I have spent a little bit of time this morning pondering why I find all the 9/11 commemoration distasteful (for me, personally; I am not trying to tell anyone else that they are not entitled to commemorate, or remember, or grieve, in whatever way they find most helpful. Especially not those people who actually were in NYC or the Pentagon during the attacks - while I was smack in the middle of cornfields in the middle of the country. There was probably nowhere LESS likely to be subject to a terrorist attack than where I lived, so I cannot claim any insight at all into the experience, nor into what helps someone survive and process such an experience).
Maybe one mini-anecdoate is revealing: out in the middle of those cornfields, the local radio station started playing Bruce Springsteen's Born in the USA almost non-stop, which absolutely INFURIATED me. Did they not understand the lyrics to the song? Did they not understand that the song is a CRITIQUE of the United States? At the very least, it is not a straightforward anthem of celebration. But that is how many around me seemed to understand it.
This was my experience of 9/11: a tragedy, and lots of genuine heroism, hijacked by a knee-jerk reversion to unthinking jingoism.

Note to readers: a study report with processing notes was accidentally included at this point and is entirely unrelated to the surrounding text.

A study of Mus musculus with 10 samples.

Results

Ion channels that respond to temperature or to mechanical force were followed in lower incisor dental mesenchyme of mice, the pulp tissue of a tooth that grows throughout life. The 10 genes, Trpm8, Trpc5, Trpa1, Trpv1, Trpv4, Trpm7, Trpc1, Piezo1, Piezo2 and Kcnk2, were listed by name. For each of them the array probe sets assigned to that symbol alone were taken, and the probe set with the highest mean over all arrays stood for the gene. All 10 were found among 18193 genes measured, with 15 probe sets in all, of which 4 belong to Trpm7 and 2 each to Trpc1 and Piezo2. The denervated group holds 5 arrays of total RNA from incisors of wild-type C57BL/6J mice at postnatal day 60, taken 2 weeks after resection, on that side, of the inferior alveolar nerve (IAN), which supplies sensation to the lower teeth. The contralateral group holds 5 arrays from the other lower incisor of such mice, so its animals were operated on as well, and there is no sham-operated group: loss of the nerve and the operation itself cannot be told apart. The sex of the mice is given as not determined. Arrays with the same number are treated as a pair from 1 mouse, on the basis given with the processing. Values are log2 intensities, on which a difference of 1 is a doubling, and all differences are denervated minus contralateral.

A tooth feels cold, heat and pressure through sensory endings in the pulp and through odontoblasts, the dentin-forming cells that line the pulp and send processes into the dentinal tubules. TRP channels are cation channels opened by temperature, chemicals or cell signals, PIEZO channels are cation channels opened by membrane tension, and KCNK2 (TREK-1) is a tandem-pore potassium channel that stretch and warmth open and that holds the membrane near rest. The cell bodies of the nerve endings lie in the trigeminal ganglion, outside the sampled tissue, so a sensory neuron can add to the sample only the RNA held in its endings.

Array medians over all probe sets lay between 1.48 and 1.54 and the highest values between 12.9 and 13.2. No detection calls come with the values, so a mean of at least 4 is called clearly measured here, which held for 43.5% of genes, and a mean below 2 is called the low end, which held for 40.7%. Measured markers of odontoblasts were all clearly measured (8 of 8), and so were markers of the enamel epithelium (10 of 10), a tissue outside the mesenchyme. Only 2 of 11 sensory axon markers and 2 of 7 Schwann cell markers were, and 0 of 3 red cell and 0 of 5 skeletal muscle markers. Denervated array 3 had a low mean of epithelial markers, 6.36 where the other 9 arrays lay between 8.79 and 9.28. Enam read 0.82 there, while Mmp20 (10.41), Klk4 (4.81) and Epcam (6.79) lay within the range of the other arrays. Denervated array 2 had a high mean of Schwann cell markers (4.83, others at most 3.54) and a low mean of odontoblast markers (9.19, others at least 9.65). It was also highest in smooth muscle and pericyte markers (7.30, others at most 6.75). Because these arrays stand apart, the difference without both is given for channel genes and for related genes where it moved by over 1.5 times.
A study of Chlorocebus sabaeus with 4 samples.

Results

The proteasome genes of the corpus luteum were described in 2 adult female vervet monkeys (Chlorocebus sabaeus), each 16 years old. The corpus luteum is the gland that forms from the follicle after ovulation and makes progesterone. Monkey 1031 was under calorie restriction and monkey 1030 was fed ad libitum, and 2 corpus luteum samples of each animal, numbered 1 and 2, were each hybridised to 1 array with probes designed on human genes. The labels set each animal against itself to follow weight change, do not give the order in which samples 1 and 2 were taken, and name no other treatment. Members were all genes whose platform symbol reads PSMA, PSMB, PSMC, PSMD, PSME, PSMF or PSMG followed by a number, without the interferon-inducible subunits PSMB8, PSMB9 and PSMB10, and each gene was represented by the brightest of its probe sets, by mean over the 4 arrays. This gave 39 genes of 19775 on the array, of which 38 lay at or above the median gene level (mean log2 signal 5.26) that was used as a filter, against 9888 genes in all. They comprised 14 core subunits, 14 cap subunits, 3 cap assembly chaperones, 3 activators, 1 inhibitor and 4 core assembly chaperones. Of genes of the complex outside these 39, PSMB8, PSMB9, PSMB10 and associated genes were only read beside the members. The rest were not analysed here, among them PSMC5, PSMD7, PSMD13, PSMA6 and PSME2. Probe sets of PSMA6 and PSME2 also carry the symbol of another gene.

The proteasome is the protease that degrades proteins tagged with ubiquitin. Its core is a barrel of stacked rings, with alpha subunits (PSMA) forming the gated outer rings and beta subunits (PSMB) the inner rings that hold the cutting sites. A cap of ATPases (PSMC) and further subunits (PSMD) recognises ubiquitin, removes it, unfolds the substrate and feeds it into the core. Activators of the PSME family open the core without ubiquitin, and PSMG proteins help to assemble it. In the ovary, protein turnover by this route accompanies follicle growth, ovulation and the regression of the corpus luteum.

I know that is not what it means to a huge number of people, perhaps everyone else besides me. But because I didn't experience any of the events of 9/11 firsthand, the actual day is overshadowed by the things I dislike that came out of it, that I have experienced closer to firsthand: jingoism, Homeland Security, the Patriot Act, anti-Islamic sentiment, and security theater.
So I have to admit that I am not especially interested in today's commemorations. The good parts of such calls to memory - the reasons why they can be valuable - are not mine to claim or comment on; the bad parts of such calls to memory are not things I want to consider.
But then, if I remain a historian at all, I am a medievalist. I studied things that happened 500-600 years ago. I remain very skeptical that a mere ten years has given us any perspective on this event at all. (I read a comment somewhere that the space devoted to 9/11 in textbooks has been shrinking. Maybe that's actually correct; maybe it doesn't deserve as much space as it had previously been given.) I would rather leave assessments to future, more distant viewers of this particular past.